Edition 8 March 2019, by Seringe S.T. Touray
Every four years, the Provincial Councils of the twelve Dutch provinces elect for the members of the Senate. The Senate’s election usually occurs within three months following the election of the Provincial Council (Provinciale Staten), in which Provincial Councils are elected by the Dutch voting public. Thus, the voters have an indirect, yet powerful influence on the Senate elections, as the voter-elected members of the Provincial Councils in turn elect the Senate.
The Dutch political climate shows the intense ideological clash between parties contesting the upcoming provincial elections in March and the 27 May Senate elections, both of which might change the future of national politics. Understandably, one of the main issues in both elections is the national job market, and especially the way in which different parties interpret the problems in this area. 2017’s Global Risk Report of the World Economic Forum determined that global income inequality will be among the greatest problems in the next ten years, and may cause rising unemployment. With the effects of unemployment already taking a toll on some Dutch citizens, Paul de Grauwe, an economist at the London School of Economics (LSE), noticed that this growing inequality has been ignored by politicians in recent decades.
Income inequality, which lies at the root of unemployment and social instability, creates a dividing line in the politics of the coming elections. On one hand there are internationalists, who favour and champion immigration, multicultural involvement, the EU, and overall international cooperation. On the other hand, nationalists voice anti-immigration views while emphasizing national sovereignty. For the March provincial elections, right-wing, populist Party for Freedom (PVV) is expected to be one of the biggest parties, according to the polls.
In early February, Peilingwijzer published the first poll result of 2019 for the House of Representatives elections which will occur in 2021. It combined polling from different sources – Peil.nl, Ipsos/EenVandaag and I & O Research – all indicating that support for each of the many Dutch parties has generally not changed significantly. However, parties like the Forum for Democracy (FvD), a new party founded by Thierry Baudet in 2016, are rising steadily. Although these polls do not give clear predictions for the March Senate elections, they are indicative of the power dynamics in the Senate as well as provincial elections.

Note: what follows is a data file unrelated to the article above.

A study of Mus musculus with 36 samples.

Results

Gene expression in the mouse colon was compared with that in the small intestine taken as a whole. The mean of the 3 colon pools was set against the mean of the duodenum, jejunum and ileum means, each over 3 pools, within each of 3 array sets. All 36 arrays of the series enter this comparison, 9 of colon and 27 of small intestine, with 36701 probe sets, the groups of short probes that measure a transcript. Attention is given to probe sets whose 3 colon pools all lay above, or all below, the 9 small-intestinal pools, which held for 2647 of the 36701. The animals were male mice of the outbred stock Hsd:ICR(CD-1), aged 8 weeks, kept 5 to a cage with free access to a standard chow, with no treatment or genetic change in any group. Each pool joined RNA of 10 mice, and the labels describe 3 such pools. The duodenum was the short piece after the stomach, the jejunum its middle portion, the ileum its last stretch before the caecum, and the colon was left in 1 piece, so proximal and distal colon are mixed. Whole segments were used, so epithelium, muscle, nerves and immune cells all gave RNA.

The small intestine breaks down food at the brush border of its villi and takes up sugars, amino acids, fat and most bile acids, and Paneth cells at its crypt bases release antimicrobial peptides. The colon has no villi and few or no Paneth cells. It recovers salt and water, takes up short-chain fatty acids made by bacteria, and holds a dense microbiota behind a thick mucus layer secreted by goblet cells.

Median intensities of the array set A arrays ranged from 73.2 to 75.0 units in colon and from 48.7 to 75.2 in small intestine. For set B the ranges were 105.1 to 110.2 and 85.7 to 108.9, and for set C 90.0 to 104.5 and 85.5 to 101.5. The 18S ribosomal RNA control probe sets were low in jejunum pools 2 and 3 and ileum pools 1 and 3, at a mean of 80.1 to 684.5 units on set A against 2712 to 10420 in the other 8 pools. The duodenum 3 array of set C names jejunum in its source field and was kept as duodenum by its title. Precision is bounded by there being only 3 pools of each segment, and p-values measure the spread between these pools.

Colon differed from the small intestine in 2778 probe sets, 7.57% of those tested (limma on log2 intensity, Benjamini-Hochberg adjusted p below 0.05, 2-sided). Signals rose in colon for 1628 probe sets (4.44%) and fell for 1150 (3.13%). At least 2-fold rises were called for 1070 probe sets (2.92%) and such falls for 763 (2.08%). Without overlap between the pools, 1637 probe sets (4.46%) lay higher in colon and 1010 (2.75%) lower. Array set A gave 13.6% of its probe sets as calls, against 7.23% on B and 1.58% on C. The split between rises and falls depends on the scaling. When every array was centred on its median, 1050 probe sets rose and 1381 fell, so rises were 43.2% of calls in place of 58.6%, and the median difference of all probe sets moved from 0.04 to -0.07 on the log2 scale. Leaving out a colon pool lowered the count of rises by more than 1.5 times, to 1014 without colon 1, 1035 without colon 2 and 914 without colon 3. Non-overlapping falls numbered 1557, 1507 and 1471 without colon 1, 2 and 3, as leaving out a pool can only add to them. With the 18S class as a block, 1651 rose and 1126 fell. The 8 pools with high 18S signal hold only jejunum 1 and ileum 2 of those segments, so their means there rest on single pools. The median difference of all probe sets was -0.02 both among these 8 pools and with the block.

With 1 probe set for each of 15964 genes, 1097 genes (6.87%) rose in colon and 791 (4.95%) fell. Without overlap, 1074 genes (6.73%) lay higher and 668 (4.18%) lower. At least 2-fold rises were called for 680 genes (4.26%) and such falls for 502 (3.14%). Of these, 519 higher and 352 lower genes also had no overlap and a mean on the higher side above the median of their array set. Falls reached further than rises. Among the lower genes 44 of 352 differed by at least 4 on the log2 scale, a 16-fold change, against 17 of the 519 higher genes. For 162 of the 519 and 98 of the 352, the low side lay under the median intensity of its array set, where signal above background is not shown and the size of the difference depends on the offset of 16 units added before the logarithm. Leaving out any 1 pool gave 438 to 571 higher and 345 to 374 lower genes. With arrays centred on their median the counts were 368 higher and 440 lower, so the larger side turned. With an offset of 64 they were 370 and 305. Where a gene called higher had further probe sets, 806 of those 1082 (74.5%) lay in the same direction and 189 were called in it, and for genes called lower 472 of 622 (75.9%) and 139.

According to the latest polls, at least twelve political parties would gain seats in the Senate. From highest to lowest: the People’s Party for Freedom and Democracy (VVD) at the top with 13 seats, the Christian Democratic Appeal (CDA) 12 seats, the Democrats ‘66 (D66) 10 seats, the Party for Freedom (PVV) and the Socialist Party (SP) 9 seats each, the Labour Party (PvdA) 8 seats, GroenLinks (GL) 4 seats, the Christian Union (CU) 3 seats, and the Party for the Animals (PvdD), the Reformed Political Party (SGP), and the 50 Plus Party all holding 2 seats each.
The Dutch Senate consists of 75 members, who serve a term of four years, after which another election by members of the Provincial Councils takes place. Interestingly, the upcoming Senate election will be the first in which members of the electoral college representing the Caribbean Netherlands will be able to vote.
As is the norm, the votes cast to elect Senate members do not all carry the same weight. The value assigned to each vote is dependent on the provincial population of the source vote, meaning that greater value is given to a provincial councillor’s vote if they originate from a more densely populated province. Subsequent to the 27 May election, the results will be officially published by the Electoral Council in the Senate building, and the statistical outcome stored in the Electoral Council’s election results database. Generally, this final result is announced as quickly as two days after the elections.
Ultimately, the Central Electoral Committee manages the entirety of the Senate election process. The Electoral Council acts as this Central Committee, having been granted the right to determine the final election results. It also carries out additional duties, including processing the registration of new political parties, assessing the validity of candidate lists, and officially appointing the members of the Senate.